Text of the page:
I have to agree with some of the other reviewers in wondering how a publishing house passed on this book (and presumably the others that follow.) This book was a wonderful surprise from the time I found it through a Book-Bub recommendation, all the way to final page.
It is obvious that Martin Turnbull has a love for all things Hollywood and it really comes through for the reader. He knows not only his stars, but the studio system and the growth of Los Angeles and the Hollywood area. I love the setting – the end of the roaring twenties through early 1934. It not only showed the highs and lows of society at the time but the waxing and waning fortunes of those in the motion picture industry as the move was being made from silent film to talkies.
This is an excellent portrait of early 1900’s California. Hollywood was in its earliest incarnation because New York and Chicago had become too expensive and were both weather dependent. As the film industry expanded its stories, it required room to build sets and weather that was reliable in which to film. It was the the golden west, The Golden State, Go West! Young man and woman. Motion pictures and the studio system were part of the yellow brick road and becoming a star was the pot of gold at its end.
I would also like to applaud the storyline for its inclusion of gays and lesbians in Hollywood. These characters are drawn as people who are part of the social fabric. Instead of this being a book that is labelled as “gay and lesbian” it is a book about people and their placement and inclusion in the lives of others and their place in history – something that all too often is edited out of stories as if gay people only started to exist in the last 30 years.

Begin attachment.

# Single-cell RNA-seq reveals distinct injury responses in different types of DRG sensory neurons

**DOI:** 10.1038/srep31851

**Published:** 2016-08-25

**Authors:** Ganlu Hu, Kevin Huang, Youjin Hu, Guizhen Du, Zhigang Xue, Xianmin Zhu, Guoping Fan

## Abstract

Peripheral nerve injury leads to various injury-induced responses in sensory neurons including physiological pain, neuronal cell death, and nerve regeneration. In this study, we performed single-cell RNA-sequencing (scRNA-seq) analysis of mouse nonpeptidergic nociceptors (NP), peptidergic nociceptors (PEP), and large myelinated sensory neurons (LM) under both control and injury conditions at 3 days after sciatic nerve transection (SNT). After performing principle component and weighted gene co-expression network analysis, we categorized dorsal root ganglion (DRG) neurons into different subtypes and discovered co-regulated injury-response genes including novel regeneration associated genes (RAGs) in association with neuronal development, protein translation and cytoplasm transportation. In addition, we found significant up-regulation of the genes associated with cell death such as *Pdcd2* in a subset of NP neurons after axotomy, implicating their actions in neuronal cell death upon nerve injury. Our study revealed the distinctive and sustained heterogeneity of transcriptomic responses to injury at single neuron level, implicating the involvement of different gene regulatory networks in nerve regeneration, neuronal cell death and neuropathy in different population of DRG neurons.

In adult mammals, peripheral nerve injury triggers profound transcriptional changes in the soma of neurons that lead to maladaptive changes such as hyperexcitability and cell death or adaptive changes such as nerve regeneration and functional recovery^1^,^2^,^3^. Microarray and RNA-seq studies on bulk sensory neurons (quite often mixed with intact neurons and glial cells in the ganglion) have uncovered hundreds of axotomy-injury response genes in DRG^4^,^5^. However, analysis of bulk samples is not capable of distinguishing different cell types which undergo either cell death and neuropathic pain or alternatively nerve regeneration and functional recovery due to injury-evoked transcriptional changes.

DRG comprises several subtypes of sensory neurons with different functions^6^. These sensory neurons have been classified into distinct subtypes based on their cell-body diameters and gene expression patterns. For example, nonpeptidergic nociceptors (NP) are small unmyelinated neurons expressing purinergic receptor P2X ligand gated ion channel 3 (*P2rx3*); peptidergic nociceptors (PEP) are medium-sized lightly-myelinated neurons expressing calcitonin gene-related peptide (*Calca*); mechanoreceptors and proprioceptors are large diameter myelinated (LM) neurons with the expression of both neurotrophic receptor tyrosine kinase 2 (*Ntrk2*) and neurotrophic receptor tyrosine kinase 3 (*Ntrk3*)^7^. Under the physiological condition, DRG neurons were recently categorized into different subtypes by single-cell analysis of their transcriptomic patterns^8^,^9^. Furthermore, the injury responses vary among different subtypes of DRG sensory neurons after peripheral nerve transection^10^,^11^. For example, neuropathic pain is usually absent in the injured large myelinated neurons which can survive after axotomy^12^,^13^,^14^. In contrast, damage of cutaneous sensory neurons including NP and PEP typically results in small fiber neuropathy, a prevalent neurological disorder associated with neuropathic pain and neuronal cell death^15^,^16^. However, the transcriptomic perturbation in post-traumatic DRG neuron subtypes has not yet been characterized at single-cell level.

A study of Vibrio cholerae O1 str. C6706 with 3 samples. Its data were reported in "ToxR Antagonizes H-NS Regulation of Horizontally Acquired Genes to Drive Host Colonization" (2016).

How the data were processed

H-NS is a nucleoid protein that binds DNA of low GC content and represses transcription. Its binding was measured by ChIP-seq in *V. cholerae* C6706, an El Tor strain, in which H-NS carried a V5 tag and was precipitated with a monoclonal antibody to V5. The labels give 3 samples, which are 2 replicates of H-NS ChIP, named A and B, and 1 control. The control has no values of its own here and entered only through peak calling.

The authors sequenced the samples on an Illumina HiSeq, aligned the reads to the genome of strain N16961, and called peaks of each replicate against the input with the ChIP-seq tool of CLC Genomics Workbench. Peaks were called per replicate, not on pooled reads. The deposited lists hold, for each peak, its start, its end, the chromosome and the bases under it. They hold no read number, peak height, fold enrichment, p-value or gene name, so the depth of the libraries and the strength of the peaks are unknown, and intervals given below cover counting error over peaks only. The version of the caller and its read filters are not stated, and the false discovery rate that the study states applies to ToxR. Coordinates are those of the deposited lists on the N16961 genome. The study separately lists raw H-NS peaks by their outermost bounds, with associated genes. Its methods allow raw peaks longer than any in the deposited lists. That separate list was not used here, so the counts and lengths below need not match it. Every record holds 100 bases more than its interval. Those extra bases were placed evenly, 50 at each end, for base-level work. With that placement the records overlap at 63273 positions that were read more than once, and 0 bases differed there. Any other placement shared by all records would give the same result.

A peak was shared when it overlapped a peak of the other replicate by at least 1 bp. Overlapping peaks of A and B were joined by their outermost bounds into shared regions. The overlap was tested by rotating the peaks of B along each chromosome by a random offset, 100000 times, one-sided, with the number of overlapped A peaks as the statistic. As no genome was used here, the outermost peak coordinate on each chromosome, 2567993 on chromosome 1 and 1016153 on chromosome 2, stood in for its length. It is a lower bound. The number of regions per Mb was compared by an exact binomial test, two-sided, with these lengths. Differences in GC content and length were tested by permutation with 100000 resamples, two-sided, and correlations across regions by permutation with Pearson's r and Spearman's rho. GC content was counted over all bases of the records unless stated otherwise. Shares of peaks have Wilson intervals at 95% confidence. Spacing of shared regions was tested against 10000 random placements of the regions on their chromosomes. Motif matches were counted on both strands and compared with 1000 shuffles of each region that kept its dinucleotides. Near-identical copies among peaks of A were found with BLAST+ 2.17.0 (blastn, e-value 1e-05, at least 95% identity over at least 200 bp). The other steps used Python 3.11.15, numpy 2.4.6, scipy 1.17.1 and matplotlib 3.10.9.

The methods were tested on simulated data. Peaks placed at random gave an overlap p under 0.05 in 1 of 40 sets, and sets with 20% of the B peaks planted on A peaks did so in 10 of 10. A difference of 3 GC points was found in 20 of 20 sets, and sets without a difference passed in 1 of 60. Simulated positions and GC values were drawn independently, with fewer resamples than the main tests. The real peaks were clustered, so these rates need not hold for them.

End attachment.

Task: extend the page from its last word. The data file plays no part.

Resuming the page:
I loved the three main characters: Kathryn, Gwendoline and Marcus. They all find their way to Hollywood from near and far in order to pursue individual dreams and to find themselves and lose themselves. I loved the setting: an aging silent film stars mansion that has been converted to a hotel. She herself has aged out of silent films and has personal reasons for the financial dilemma in which she finds herself.
It was a boozy, jazzy time and I loved every page. It reminded me very much of Tales of the City and I know I am going to purchase the rest of the series as a sneak peak at the back indicated the stories will continue all the way to the World War II era (and hopefully beyond). A good book paints a picture in your brain, a great book gives that picture dimension so that you become part of it. This is a very good book that could become great. This would be an excellent magazine or newspaper serial as well as an amazing cable television series a la “Mad Men” if done correctly by the right people.
If you love Hollywood, the Jazz Age, and a cast of great characters, you won’t be disappointed by this read. Not at all.